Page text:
Economic experiments offer economists an opportunity to test theoretical propositions in a controlled laboratory environment. Three main types of economic experiments include market, game, and individual decision-making experiments. Market experiments focus on the predictions of neoclassical price theory while game experiments test behavior predicted by game theory. Individual decision-making experiments test the effects of outside, random influences on individual decision-making.

Individual decision-making experiment

In this study, researchers analyze the role of individual decision-makers in organizational decision-making.

One of the core theories of this perspective, The Behavioral Theory of the Firm (BTOF), explains how organizational decision-makers interpret organizational performance feedback and respond with strategic actions. The theory predicts that organizations routinely engage in problemist search (a search for solutions) if organizational performance is below their aspirations and that they stop searching if their performance is above aspirations. Building on the BTOF, researchers analyze the influence of decision-makers on organizational responses to performance feedback. Managers in organizations can influence the performance feedback process through their individual experiences and they are motivated and controlled by incentives, which is another mechanism by which organizational decision-making can be influenced by individuals. While the Carnegie perspective acknowledges that decision-makers interpret performance feedback and initiate organizational responses, individuals are not as closely integrated to the organizational performance feedback process as some other (mostly organizational) conditions.

Recently, several intriguing empirical studies have addressed the role of experience and incentives in the performance feedback process. However, their cumulative effect remained impossible to assess. This study differentiates performance-based incentives (such as options and bonuses) from compensation (such as salary). Performance-based incentives address the agency problem and are designed to motivate decision-makers to increase risk-taking on behalf of the organization. Here, the influence of performance-based incentives is stronger than the influence of compensation.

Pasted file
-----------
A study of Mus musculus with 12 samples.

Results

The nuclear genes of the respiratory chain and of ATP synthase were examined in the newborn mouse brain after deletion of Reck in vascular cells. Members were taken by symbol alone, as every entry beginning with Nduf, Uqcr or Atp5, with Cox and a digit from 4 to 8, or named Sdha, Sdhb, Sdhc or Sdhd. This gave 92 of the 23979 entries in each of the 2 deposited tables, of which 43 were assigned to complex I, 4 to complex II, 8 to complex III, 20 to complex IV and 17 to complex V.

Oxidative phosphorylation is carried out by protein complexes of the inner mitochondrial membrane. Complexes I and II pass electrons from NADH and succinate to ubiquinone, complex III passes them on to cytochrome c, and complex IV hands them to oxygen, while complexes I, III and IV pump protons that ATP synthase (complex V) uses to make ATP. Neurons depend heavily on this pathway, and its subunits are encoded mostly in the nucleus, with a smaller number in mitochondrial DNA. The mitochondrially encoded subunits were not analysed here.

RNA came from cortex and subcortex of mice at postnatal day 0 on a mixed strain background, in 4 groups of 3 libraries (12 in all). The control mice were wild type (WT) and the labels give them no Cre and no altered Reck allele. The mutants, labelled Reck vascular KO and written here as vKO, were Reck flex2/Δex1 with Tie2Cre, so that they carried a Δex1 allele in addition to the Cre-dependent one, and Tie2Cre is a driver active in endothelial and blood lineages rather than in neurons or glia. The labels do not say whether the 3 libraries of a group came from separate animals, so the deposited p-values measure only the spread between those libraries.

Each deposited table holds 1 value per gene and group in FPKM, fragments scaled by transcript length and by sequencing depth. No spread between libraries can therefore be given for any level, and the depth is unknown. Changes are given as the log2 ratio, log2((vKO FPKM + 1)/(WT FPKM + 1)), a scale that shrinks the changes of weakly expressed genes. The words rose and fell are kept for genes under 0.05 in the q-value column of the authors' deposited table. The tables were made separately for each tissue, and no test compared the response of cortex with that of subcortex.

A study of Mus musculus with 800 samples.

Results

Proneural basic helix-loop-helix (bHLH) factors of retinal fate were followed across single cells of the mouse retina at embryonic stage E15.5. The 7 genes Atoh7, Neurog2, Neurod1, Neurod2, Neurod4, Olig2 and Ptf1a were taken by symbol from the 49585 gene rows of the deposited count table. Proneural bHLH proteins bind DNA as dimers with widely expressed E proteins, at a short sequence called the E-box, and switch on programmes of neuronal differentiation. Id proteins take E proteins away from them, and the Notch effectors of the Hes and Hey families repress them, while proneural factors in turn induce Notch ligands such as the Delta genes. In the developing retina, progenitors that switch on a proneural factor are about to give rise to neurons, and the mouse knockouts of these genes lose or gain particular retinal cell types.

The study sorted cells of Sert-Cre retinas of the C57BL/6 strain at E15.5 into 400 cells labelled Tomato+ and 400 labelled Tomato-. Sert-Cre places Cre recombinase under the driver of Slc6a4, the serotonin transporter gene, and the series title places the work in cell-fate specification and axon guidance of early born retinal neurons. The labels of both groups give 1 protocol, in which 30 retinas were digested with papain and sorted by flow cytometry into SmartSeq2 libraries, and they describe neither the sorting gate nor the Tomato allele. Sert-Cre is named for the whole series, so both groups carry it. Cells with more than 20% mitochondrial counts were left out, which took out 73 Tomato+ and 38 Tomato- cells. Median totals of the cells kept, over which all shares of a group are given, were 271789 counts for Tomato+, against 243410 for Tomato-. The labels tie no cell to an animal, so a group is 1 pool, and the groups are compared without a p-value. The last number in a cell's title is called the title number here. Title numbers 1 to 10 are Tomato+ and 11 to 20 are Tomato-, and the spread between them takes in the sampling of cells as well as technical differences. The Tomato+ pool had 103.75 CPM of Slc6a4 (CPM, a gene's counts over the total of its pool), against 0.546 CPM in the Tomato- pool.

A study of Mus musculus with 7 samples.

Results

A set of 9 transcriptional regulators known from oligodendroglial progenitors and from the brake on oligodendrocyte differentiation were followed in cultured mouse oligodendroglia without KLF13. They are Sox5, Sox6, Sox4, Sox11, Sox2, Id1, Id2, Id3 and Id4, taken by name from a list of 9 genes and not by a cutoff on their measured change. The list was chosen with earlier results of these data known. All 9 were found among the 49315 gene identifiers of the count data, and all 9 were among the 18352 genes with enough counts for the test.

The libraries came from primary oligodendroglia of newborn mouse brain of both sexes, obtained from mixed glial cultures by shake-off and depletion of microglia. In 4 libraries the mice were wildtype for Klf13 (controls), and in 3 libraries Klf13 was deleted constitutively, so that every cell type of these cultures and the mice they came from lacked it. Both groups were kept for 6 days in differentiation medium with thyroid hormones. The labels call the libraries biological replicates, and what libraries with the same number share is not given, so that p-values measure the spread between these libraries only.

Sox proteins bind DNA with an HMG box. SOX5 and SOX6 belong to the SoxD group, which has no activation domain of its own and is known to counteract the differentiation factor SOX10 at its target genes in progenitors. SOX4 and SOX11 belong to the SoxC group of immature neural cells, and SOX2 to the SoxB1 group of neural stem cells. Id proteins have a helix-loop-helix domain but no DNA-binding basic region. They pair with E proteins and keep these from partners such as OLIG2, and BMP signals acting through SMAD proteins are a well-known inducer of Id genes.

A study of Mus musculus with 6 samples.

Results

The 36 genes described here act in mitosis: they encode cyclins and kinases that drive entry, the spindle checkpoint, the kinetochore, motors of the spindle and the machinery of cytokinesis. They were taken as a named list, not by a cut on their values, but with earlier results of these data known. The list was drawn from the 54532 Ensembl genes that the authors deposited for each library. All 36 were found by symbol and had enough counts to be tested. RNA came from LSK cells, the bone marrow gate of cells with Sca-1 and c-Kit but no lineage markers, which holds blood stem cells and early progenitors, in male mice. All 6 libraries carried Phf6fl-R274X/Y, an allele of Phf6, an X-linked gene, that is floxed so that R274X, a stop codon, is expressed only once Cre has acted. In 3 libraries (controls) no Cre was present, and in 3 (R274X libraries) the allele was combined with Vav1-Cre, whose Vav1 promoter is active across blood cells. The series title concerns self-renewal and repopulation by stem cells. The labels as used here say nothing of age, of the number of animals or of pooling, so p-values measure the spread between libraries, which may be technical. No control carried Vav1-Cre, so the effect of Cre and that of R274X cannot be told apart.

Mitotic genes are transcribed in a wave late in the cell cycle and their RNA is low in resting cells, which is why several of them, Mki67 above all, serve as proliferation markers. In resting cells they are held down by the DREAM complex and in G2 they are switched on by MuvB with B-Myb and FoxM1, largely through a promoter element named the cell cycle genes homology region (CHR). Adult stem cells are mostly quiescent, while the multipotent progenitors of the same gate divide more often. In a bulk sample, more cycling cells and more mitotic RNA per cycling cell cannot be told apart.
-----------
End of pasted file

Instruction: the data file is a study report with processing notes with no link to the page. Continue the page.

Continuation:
Meta-analytic methods allow to assess the overall cumulative effect of these individual-level factors on organizational responses, which is not possible with other research designs that are constrained with specific individual-level variables and organizational responses studied. This study meta-analytically review 205 BTOF studies to test the hypotheses on the influence of decision-makers’ experience and incentives on organizational responses to performance feedback. Analyzed studies includes many diverse strategic actions, including organizational search, risk-taking, strategic change, and R&D intensity.

To test defined hypotheses, the recent meta-analyses in the organizational performance feedback and strategic management literature are followed to compare the effects of performance feedback models that included and excluded decision-makers’ job experience, domain expertise, performance-based incentives, and compensation in their analyses.

Results show that decision-makers’ job experience and domain expertise influence organizational responses to performance below aspirations, while incentives and compensation become relevant when performance is above aspirations. These results highlight the importance of individual decision-makers in explaining variations in organizational performance feedback decisions, offering exciting venues for psychology scholars to contribute to the Carnegie perspective.


Results shown have important implications for practice. Since executives’ experience affects responses to feedback, it is important to carefully screen executives’ profiles during the selection and hiring processes. They are also relevant in executive development, in terms of raising awareness of the differences and levels of rigidity in individuals’ cognitive frames through specialized training.

Findings on incentives imply that organizational policy needs to create appropriate and adaptive incentives and compensation packages for executives. It is important to balance the advantages and drawbacks of increasing incentive: An increase in executives’ incentives may decrease their intrinsic motivation, decision-makers may become overly focused on their high pay reference points and, as a result, become less interested in learning from feedback. Incentives lead to less risk-taking when performance is above aspirations.


Daniela Blettner, Serhan Kotiloglu, Thomas G. Lechler (2023): Unfinished business: integrating individual decision-makers’ experience and incentives to organizational performance feedback theory. Frontiers in Psychology. Volume 14.